This is a macro shot of the tiny buds of a lantana plant prior to opening into individual flowers. That whole cluster in the picture is about the size of a dime. 5d Mk3, 100mm f/2.8 Macro.
More convenient yes, MORE secure, no. I agree with C. Burch, you are adding another potential failure point, period.
So, a single threaded attachment that is frequently unscrewed and rescrewed and subjected to torsional stress during use is going to be more stable than a threaded attachment with threadlocking applied plus a clamping screw that's not subjected to unintentional torsional stress? Sorry, no. Yes, in theory, two connection points vs. one means two possible failure points rather than one. If you were doing a 350' free rappel (I've done one), would you prefer to hang from a single loosely tied knot, or a pair of 8,000-lb-rated carabiners connected in series? The latter has two possible failure points vs. just one - it must be less safe, right?
I can tell you that I spent over a year with the single lug connection, first as a FastenR-2 then FastenR-3 connected to a tripod socket, then with a FastenR-T1 connected through a Manfrotto RC2 plate. I would frequently find the FastenR slightly loose - probably at least once per week. It never loosened sufficiently for the camera to fall - but that's because I quickly got in the habit of checking the tightness of the lug several times a day. In over a year with the FastenR-3 Loctite'd to a Kirk clamp attached to a body or lens plate, I have never had anything come even slightly loose. I know which sounds more failure-prone to me, and I'm not a fan of letting untested theory outweigh empirical fact.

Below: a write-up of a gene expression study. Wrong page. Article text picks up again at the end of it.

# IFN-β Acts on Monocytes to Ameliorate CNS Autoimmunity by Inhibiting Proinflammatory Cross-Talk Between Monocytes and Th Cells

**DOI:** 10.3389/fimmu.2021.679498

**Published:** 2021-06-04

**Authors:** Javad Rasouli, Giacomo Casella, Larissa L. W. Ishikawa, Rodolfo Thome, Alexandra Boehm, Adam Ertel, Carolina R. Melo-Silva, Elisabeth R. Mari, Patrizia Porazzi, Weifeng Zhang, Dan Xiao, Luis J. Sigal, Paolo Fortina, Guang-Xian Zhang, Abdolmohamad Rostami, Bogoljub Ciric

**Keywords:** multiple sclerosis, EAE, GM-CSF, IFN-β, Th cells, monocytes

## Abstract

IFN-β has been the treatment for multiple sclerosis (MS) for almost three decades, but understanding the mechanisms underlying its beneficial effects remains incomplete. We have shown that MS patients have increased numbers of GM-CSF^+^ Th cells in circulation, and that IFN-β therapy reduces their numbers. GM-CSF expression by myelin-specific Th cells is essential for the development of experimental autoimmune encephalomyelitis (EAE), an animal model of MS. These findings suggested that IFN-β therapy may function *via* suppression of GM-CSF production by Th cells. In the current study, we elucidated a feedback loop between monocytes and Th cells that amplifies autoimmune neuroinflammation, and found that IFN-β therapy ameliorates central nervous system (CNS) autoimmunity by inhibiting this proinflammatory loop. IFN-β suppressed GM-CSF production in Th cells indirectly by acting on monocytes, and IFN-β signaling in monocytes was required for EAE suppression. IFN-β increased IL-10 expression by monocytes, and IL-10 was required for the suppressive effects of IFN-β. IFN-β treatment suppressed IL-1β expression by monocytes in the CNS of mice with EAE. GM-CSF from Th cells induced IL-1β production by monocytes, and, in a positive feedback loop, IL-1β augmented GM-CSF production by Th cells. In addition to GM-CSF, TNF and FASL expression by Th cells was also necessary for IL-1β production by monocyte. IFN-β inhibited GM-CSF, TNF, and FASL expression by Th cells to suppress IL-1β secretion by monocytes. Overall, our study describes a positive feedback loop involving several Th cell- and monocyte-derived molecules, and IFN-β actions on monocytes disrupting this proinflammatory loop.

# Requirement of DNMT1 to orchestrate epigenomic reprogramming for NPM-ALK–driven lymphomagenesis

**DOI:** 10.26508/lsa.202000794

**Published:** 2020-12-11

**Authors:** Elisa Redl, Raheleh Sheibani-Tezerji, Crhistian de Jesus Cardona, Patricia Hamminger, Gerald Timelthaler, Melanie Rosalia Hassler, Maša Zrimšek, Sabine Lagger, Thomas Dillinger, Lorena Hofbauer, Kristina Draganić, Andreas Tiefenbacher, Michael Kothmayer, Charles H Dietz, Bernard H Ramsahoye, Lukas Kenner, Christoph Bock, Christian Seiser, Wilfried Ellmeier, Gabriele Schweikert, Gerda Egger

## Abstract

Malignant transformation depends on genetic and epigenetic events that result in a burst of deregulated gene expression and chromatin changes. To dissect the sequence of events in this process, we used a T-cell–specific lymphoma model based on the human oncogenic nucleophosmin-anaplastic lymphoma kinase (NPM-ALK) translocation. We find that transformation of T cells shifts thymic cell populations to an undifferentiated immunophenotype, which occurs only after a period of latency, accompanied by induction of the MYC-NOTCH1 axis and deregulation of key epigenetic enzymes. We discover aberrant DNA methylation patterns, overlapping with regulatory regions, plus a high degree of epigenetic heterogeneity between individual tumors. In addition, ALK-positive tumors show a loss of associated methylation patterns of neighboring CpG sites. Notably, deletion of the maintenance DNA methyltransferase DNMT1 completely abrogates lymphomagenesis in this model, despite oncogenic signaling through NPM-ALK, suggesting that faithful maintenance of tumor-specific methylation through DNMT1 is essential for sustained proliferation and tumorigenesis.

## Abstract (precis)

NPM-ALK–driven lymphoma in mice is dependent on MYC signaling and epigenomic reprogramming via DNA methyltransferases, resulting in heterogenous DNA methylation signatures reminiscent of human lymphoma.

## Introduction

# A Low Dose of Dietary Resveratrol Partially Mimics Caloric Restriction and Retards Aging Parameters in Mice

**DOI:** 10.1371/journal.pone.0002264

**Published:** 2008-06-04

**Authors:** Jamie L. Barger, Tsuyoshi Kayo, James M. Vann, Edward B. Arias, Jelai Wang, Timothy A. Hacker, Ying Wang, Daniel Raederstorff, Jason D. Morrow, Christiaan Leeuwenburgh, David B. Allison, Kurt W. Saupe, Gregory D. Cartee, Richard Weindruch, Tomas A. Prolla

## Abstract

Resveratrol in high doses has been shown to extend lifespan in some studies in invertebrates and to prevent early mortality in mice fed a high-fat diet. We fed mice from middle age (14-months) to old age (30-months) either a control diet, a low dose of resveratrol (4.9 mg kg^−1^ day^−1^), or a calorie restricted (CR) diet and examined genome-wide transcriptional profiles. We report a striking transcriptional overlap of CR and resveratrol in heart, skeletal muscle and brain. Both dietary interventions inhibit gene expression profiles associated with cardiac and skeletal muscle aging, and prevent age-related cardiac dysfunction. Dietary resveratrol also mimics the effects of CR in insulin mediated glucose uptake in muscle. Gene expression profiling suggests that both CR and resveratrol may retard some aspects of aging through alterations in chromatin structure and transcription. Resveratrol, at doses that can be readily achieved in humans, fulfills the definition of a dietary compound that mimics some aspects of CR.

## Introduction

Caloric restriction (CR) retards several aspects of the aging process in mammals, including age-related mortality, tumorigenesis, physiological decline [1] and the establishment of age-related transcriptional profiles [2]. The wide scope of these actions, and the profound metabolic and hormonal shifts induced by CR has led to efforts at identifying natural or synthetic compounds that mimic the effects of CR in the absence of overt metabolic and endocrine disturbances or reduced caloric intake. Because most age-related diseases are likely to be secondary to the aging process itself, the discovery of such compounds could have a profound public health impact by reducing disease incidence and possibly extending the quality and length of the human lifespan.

Thanks. So, basically, unless you loc-tite the BR nut to the QR clamp, you still run a risk of it unscrewing?
Not sure - if you slightly moisten the rubber compression washer and screw the lug in tight (with the solid aluminum, no risk of overtightening), probably not. But I see no reason to remove it routinely, so why not use Loctite? The Blue 242 type is semi-permanent - it's not going to come loose with normal use, but with a vice and a pair of pliers you can unscrew the lug.Adding the Kirk1 clamp seems like a reasonable idea, but it just seems to be adding another point of possible failure. I would think the BR screw in post with the rubber ring would stay tighter than a clamp. Has no one ever had the clamp work its way loose?
I disagree. With the Loctite, I wouldn't classify the lug-clamp connection as a failure point, so you're certainly not adding one. Moreover, if you frequently unscrew and reconnect the lug (which you'd do to attach to a tripod, for example), that makes the lug connection a much more likely failure point. There's no rotational stress on the clamp screw, so it won't come unscrewed unless you turn it. Orientation prevents unintentional turning - on a body plate, attach the clamp so the knob is under the lens, on a lens plate, attach it so the knob is away from your body. I've never had the clamps loosen even a smidgen. So, overall, I'd say the BR lug attached to an AS-type clamp (the Kirk or RRS' new flat-bottom clamp) with Loctite, connected to AS-type body/lens plates, is both more convenient and more secure than directly attaching the lug to a tripod socket.
Thanks all for the replies. I figured the magazines that I grabbed at the airport last week (outdoor photographer and shutter something) wouldn't be mentioned highly as they only had about 1-2 articles each that were of interest, it sounds like its more of the same elsewhere.